A series of film reviews and opinion pieces from a film student and all round movie lover! Happy reading!
Directed By: Neil Armfield
Produced By: Kylie Du Fresne
Written By: Tommy Murphy (based upon 1995 novel of the same name)
Starring: Ryan Corr, Craig Scott, Anthony LaPaglia, Guy Pearce, Geoffrey Rush
Running Time: 127 Minutes
2015 has been a pivotal time for breaking down barriers of love. The United States have legalised same-sex marriage, while Australians are pestering their government to do the same.
An Australian drama entitled Holding The Man (based on the 1995 book written by Timothy Conigrave) has come along to shed a new and confronting light on love, telling the story of two private school boys who controversially fell in love and faced the immense struggles together, hand in hand.
A drama that can be seen as a direct statement to conservative audiences, Holding The Man is more than a story about desire and forbidden love, it is a tragic tale of loss, torment and grief that is emotionally driven by two fantastic leads.
Timothy Conigave (Ryan Corr) is a theatre-oriented student at Xavier College who begins to show an interest in fellow student John Caleo (Craig Scott), a sportier type who one day suffers a serious injury playing football.
After Timothy decides to approach John and befriend him, the two develop a bond that soon becomes something more romantic. After friends, family and the members of the school board find out about the two boys via a confiscated letter, relationships are damaged, perceptions are altered and the couple’s lives are forever changed.
Ryan Corr may be an unfamiliar face to international audiences, however for Australians, he’s recognised mostly for his roles in television series such Packed To The Rafters and Blue Water High. Corr has matured into an upstanding actor with particularly impressive actings qualities that will no doubt see him gravitate to bigger and better things in the future.
As Timothy, the requirements of Corr were significant as he would be undertaking a multi-layered, multi-faceted individual who lives numerous lives throughout the picture. Burdened with the brunt of the films dialogue, Corr excels in the very challenging, chronicled role where others may have very well crashed and burned.
Playing off his co-star Scott superbly, there is a genuine belief in the characters as a pair who are very much in love. Although Corr’s Timothy evolves from a more internal aspect, it’s Scott that changes the most throughout the picture, which is also, if not more difficult to accomplish.
His efforts are transformative, and although starting rather slowly, he pulls out a magnificent emotionally-driven performance.
Holding The Man is unrelenting as far as graphic scenes are concerned, however the confronting nature of said scenes are necessary in the storytelling and character development. The story is one centred on discovery, embrace and unity, so it’s to be expected that some passion is to be exhibited, especially when the love is real and defiant against restriction.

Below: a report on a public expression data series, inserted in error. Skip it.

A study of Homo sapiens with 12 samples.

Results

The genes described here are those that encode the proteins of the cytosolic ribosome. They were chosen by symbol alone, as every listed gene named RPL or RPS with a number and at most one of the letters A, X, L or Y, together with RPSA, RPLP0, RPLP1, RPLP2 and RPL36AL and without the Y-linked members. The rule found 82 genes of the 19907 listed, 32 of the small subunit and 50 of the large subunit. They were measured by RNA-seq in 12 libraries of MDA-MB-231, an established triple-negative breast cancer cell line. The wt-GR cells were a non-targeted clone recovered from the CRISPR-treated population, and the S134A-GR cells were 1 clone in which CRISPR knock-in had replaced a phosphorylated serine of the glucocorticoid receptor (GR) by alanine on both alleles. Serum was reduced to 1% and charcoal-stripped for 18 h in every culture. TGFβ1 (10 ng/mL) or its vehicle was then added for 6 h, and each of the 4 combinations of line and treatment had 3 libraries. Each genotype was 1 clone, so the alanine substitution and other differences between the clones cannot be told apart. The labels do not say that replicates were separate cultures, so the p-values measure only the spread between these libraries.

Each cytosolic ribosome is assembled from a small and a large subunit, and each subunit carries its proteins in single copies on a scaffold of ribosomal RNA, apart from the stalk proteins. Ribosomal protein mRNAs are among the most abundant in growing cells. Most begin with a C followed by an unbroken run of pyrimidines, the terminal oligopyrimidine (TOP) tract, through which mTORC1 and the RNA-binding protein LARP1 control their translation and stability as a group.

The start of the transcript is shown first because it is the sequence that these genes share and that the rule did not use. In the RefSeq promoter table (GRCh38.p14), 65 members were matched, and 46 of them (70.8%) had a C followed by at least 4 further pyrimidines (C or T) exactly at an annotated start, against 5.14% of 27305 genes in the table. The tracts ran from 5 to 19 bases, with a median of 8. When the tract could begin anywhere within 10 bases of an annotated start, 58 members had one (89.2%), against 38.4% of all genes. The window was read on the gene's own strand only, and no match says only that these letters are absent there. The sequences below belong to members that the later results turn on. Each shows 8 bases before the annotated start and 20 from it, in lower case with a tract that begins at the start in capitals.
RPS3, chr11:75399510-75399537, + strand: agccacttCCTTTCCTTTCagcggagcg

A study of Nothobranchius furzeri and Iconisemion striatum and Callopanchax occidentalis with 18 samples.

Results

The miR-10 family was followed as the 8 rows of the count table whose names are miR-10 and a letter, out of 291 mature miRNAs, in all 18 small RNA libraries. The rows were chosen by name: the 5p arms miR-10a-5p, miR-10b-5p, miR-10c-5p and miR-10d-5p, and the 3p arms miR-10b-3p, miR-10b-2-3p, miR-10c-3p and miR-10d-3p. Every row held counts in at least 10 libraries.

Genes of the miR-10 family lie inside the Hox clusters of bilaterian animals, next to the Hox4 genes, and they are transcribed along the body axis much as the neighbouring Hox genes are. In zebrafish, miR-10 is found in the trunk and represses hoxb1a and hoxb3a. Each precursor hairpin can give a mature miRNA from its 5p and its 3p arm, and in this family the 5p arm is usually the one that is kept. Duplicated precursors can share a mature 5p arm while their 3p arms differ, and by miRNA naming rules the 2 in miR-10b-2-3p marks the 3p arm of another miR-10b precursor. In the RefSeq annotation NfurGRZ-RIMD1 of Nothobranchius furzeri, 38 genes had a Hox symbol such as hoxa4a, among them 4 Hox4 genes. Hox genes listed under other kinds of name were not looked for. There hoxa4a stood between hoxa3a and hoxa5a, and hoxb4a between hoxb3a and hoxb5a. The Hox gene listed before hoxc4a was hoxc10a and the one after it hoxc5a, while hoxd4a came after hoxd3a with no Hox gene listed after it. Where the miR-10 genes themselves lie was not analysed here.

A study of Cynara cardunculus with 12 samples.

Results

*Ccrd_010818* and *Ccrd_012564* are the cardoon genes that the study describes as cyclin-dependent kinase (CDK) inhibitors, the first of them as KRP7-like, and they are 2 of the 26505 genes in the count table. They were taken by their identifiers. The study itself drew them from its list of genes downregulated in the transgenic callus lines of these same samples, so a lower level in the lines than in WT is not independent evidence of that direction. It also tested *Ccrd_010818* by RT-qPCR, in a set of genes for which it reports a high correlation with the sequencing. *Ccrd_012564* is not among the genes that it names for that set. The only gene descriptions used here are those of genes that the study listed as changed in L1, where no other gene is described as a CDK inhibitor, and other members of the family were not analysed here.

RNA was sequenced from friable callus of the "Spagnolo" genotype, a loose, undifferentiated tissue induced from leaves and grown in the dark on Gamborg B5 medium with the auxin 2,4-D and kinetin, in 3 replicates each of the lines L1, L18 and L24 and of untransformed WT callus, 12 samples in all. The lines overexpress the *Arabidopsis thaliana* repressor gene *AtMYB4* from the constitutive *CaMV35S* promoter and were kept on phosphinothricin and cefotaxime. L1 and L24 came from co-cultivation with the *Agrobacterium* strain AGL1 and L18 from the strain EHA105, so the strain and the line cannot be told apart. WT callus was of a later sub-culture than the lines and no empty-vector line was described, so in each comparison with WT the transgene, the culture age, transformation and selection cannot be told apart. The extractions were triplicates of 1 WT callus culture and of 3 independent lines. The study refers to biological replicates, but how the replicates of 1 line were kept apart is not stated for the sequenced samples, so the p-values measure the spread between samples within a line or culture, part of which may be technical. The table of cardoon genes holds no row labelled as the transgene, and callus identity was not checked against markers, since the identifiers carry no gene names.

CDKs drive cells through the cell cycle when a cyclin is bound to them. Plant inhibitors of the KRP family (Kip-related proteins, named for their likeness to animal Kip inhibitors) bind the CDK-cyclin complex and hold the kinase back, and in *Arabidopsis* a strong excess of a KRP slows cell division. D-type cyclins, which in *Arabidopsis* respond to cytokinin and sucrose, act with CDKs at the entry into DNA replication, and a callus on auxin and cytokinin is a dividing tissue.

The film is very well shot, with many shots lingering and remaining stationary with the intent on telling a story in itself.
For example, a brilliant piece of cinematography showcases how two stories become like a venn diagram and slightly cross over one another during a scene shot outside looking in through a window. The shot is around a minute long but is engrossing and immersive to watch unfold. This is just one of many beautiful images to witness within the film.
Although running for 127 minutes, the film feels as if it is in fact 150. This is not an issue, but a compliment in a strange sense as the slow-paced nature of the film allows a fully rounded story to be told, so much so that the audience’s concept of time is thrown out the window. It feels long, but not as long as you’d think given all that has been covered.
This is a credit to the screenwriters who have been able to evenly spread out the story across several time periods and not leave anything underdeveloped in the process.
The cast consists of bigger names than its two central leads. The likes of Anthony LaPaglia, Guy Pearce and Geoffrey Rush all have parts to play with the film, however between Pearce and Rush, a total of approximately 6 minutes of screen time is occupied.
LaPaglia has a bigger role to play, and is a far more interesting character, however his input is marginally greater than the aforementioned pair.
Ultimately, although world-class talent is on show, it feels as if they’re under-utilised, so much so that it becomes a ‘blink and you’ll miss it’ situation.
Holding The Man is a powerful Australian drama that doesn’t deserve to go unnoticed. Timely, effective and challenging in many aspects, the film is another impressive example of the direction Australian cinema and younger talent are heading. Strong in its intentions and performed so powerfully by Corr and Scott, this is one that will assist in altering outdated mindsets about equality without a doubt.